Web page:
Considering physical fragmentation factors

When you fragment a table, the physical placement issues that pertain to tables apply to individual table fragments. Because each fragment resides in its own dbspace on a disk, you must address these issues separately for the fragments on each disk.

For details about placement issues that apply to tables, see Table performance considerations.

Fragmented and nonfragmented tables differ in the following ways:
  • For fragmented tables, each fragment is placed in a separate, designated dbspace or multiple named fragments of the table are created within a single dbspace.

    For nonfragmented tables, the table can be placed in the default dbspace of the current database.

    Regardless of whether the table is fragmented or not, you should create a single chunk on each disk for each dbspace.

  • Extent sizes for a fragmented table are usually smaller than the extent sizes for an equivalent nonfragmented table because fragments do not grow in increments as large as the entire table. For more information on how to estimate the space to allocate, see Estimating table size.
  • In a fragmented table, the row pointer is not a unique unchanging pointer to the row on a disk. The database server uses the combination of fragment ID and row pointer internally, inside an index, to point to the row. These two fields are unique but can change over the life of the row. An application cannot access the fragment ID; therefore, you should use primary keys to access a specific row in a fragmented table. For more information, see the IBM® Informix® Database Design and Implementation Guide.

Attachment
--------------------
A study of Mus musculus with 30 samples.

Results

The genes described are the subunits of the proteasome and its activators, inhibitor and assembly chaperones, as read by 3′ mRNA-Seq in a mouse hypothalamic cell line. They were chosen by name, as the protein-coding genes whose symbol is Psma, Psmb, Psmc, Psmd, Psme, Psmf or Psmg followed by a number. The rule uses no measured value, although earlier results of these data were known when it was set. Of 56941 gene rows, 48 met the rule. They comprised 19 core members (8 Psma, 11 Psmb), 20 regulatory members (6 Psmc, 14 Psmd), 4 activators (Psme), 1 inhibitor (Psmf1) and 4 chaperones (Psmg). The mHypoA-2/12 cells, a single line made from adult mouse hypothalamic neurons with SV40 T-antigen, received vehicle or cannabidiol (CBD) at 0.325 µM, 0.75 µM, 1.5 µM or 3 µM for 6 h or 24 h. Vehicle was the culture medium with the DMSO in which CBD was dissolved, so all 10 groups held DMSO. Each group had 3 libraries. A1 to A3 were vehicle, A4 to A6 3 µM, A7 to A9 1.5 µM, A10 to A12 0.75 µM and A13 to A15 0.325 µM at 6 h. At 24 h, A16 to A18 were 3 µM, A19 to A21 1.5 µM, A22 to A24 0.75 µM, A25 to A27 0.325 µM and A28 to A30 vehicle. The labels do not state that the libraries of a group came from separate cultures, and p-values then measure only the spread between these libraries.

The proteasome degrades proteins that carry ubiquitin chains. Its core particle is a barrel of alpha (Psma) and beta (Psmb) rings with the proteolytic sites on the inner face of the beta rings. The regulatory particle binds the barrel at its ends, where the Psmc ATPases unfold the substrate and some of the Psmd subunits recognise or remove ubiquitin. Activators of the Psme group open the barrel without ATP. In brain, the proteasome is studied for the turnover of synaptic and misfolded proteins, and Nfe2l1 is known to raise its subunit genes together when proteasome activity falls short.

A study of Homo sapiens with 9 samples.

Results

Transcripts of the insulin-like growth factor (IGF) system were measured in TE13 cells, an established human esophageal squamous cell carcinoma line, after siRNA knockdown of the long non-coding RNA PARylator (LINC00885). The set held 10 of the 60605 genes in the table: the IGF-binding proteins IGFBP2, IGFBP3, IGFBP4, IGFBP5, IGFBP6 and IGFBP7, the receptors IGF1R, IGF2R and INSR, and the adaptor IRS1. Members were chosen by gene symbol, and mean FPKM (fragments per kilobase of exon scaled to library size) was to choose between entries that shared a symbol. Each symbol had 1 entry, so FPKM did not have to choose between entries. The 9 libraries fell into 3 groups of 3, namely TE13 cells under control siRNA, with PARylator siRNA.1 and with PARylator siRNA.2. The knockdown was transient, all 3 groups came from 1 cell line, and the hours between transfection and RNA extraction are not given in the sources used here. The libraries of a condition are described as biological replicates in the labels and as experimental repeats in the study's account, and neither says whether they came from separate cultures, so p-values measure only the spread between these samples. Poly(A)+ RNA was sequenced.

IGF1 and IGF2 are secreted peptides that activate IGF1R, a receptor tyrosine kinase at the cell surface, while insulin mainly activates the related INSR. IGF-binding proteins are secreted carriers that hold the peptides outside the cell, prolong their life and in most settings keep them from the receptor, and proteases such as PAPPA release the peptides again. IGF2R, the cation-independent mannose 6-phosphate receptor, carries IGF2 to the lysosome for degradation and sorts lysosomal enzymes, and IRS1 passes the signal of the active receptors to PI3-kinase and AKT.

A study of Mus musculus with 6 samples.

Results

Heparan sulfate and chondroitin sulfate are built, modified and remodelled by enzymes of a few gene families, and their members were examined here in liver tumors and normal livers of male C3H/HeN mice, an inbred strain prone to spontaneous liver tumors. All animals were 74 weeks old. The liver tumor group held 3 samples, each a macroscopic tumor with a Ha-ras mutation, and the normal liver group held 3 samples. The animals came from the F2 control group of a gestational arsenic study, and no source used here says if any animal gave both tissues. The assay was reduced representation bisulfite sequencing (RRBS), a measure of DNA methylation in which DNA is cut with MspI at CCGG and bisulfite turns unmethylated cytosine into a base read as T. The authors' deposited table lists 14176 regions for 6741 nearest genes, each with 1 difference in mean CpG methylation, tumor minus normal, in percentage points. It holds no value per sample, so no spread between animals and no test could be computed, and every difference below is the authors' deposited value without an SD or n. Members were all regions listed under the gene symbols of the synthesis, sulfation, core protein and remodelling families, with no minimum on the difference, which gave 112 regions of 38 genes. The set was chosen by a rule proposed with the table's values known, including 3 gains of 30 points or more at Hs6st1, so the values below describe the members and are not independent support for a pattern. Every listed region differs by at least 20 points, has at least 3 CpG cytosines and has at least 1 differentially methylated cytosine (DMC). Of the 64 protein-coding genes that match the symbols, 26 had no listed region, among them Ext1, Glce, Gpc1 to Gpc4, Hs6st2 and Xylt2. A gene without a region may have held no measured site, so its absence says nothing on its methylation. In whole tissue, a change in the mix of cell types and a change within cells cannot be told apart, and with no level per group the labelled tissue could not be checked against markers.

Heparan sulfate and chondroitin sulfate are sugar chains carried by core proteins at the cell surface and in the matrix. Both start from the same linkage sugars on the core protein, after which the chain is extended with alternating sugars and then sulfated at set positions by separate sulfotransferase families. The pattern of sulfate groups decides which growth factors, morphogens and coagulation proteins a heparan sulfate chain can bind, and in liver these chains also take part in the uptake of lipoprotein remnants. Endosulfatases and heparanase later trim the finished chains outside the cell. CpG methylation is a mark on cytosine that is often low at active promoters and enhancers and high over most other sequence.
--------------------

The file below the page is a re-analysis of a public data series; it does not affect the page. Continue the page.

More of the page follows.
• An attached index or an index on a nonfragmented table uses 4 bytes for the row pointer. A detached index uses 8 bytes of disk space per key value for the fragment ID and row pointer combination. For more information about how to estimate space for an index, see Estimating index pages. For more information on attached indexes and detached indexes, see Strategy for fragmenting indexes.

Decision-support queries usually create and access large temporary files; placement of temporary dbspaces is a critical factor for performance. For more information about placement of temporary files, see Spreading temporary tables and sort files across multiple disks.